Corporate events are a specialized area of photography that presents unique challenges. How to photograph these events is an important skill to hone if you want to build your portfolio and get more corporate event gigs. The following are some key points on what to know when shooting corporate events.
Understand What You Are Shooting
Corporate photography is a field that includes many types of situations. Events vary a great deal in terms of size, location, and atmosphere. It’s important to know what you’re shooting before you even get to the venue for the event. This will help you determine what equipment to bring and how to approach your shots. This includes:
- Size of the venue and event. There’s a big difference between a room holding a couple of dozen people versus one with hundreds of people milling around. In some cases, you may need to shoot in multiple locations, and include both indoor and outdoor spots.
- Lighting. This will be dependent on whether the venue is indoors or outdoors, as well as what the weather is like that day. For indoor locations, you may have to contend with various artificial lighting sources and adapt accordingly.
- Time of day. You’ll need different equipment for an event depending on whether it’s daytime or nighttime. Some events will run from the day into the evening. If it is undetermined when an event will actually end, be sure that you’re prepared for shooting at night. And if you plan on using a flash, it is polite to warn the guests when possible, as this can be distracting to many people.
There are all kinds of details that you should consider before arriving at the event. Here are some key points for preparation.
- Arrive early so you have plenty of time to set up.
- Know where to park. If it’s a venue with limited parking, you may be required to park in a specific location.
- Bring extra supplies. You don’t want to have your camera’s batteries run out in the middle of the event. Make sure you bring extra batteries. On a similar note, bring extra memory cards as these can fill up quickly. It’s always better to be over-prepared than under-prepared in terms of equipment and accessories.
- Get familiar with the schedule. If it’s a small event confined to one room, this is a little less important. However, if it’s an all-day or multi-day affair, you should know what’s going on and when. Knowing the schedule makes it easier for you to make transitions from one shooting spot to another.
Do what you can to be comfortable. You’ll be moving around throughout the day and will need to shoot from a variety of positions. Wear comfortable shoes and loose-fitting clothing so you don’t feel constricted. Keep in mind that at some events, there may be restrictions on what you can wear. If it’s a more formal event, you may still be able to dress in a business casual style. At more social or outdoor events, there likely won’t be a strict dress code.
Be Clear About What Your Client Wants
No matter what type of event you’re photographing, what really matters is what your client wants. Businesses may have one or more goals for corporate photography, depending on the venue and the kind of event.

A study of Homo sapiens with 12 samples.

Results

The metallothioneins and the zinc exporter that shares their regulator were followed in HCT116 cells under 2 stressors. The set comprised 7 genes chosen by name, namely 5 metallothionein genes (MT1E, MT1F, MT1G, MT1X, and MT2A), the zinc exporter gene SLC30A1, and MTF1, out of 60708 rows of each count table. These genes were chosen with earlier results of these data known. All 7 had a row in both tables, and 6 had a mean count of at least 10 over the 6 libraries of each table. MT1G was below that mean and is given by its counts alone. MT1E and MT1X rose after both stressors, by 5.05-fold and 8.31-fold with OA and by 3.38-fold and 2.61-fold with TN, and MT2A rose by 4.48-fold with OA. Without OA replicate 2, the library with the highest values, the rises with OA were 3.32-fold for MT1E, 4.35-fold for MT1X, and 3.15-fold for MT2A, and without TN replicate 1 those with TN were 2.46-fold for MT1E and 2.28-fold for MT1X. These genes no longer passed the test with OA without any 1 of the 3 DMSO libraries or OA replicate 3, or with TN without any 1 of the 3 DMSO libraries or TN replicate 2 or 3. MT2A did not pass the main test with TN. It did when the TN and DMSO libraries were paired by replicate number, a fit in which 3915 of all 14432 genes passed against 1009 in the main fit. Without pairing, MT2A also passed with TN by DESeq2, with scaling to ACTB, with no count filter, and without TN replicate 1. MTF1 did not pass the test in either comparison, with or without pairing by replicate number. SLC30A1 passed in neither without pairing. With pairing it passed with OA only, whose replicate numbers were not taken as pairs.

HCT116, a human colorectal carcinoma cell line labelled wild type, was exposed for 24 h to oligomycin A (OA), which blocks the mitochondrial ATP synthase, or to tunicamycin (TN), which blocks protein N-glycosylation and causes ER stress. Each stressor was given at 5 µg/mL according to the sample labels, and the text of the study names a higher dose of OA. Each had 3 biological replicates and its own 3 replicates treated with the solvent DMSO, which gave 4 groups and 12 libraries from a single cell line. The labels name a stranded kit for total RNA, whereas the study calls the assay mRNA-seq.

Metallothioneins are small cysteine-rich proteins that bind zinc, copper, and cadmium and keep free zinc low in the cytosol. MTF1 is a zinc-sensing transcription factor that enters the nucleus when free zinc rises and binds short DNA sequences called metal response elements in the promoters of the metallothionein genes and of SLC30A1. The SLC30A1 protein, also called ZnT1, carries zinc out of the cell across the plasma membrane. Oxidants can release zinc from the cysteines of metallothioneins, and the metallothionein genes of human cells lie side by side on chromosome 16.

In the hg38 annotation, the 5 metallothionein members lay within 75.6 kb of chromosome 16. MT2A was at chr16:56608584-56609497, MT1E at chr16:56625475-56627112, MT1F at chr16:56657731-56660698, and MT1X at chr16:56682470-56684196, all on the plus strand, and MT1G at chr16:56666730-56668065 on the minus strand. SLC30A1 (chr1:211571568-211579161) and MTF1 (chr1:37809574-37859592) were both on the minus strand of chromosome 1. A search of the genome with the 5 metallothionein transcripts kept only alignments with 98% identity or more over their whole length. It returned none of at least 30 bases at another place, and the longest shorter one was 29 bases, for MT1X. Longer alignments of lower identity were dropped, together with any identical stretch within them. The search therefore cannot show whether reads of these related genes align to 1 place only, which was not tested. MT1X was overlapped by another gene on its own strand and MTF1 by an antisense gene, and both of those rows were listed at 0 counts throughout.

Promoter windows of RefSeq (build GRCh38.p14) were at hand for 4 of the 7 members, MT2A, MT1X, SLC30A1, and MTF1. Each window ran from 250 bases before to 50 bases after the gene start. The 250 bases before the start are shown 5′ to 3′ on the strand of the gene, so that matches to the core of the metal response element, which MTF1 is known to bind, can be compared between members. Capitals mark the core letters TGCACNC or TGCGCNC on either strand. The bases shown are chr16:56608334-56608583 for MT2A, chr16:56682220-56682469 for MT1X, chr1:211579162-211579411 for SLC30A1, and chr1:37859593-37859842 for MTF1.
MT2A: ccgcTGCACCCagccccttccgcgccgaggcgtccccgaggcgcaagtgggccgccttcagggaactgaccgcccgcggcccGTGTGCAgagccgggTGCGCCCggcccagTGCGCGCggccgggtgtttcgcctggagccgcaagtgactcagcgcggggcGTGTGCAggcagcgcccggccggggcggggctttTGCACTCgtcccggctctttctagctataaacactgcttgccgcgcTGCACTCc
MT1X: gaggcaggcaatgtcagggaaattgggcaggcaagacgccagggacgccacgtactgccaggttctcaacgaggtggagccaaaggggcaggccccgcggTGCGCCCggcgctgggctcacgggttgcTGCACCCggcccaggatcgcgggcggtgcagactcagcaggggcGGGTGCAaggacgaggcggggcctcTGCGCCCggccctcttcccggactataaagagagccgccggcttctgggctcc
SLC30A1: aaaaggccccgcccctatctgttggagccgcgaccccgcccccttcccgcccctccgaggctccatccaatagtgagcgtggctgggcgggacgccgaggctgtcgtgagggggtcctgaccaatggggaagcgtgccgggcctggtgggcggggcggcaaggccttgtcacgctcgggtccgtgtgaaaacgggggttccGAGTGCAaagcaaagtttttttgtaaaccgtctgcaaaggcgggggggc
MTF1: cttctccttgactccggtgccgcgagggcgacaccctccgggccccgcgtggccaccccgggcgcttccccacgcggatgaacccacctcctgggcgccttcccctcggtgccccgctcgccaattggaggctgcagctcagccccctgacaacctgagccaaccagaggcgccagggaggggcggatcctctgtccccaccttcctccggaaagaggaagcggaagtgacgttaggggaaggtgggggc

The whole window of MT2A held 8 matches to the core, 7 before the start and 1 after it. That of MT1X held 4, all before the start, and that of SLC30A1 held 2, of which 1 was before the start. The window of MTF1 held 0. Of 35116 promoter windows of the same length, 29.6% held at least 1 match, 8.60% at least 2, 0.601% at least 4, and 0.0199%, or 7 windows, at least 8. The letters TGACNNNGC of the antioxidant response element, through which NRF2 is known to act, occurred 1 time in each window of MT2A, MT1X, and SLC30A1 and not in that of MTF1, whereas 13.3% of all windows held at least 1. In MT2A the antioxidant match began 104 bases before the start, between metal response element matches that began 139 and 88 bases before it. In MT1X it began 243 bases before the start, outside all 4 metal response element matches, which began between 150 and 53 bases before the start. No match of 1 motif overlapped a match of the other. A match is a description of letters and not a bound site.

- Ask plenty of questions. You want to be clear about the client’s preferences.
- Be aware of brand recognition. The client may want you to feature shots that have the company logo or banners that clearly display brand graphics and taglines.
- Know which people and teams are priorities. Most clients will want plenty of shots featuring team members in a variety of poses. It’s best to combine posed and spontaneous photos. You’ll probably be asked to take shots of certain people and groups. However, the best photos are often ones that are candid, or taken when people aren’t looking directly at the camera and are just behaving naturally.
Make the most of the setting. You may want to capture scenic shots of striking places, views and landscapes. For example, if the venue is a resort in a natural setting, you may be able to get scenic shots of a sunset, forest or lake. If it’s an urban setting, there may be views of the city skyline. Of course, it’s always good to feature people in dramatic settings. However, shots of the setting alone can also be a nice touch.
Stay Alert For the Unexpected
You may have everything planned out for shooting the event. However, nothing is entirely predictable. You never know when there will be an opportunity to get some amazing, spontaneous shots. Always scan the space and look for interesting shots. For example, a group of people may suddenly start laughing hysterically after someone tells a joke. A rainbow might be visible from a window. Look for emotional, interesting, or unexpected moments so you don’t miss them.
Keep a Low Profile
The photographer plays an important role at corporate events, but it should be a quiet one. When you set up your equipment, be sure it’s not blocking busy areas. You should be as close to invisible as possible so you can observe and shoot the event without getting in the way.
Corporate Photography Provides Many Opportunities
Corporate events offer a big opportunity for photographers. You have a chance to be part of interesting events in many industries and help businesses build their brands. Be sure to consider the particular needs of each client so you can customize your approach and give people what they want. As you impress more clients, you will continue to build your resume as an expert corporate photographer.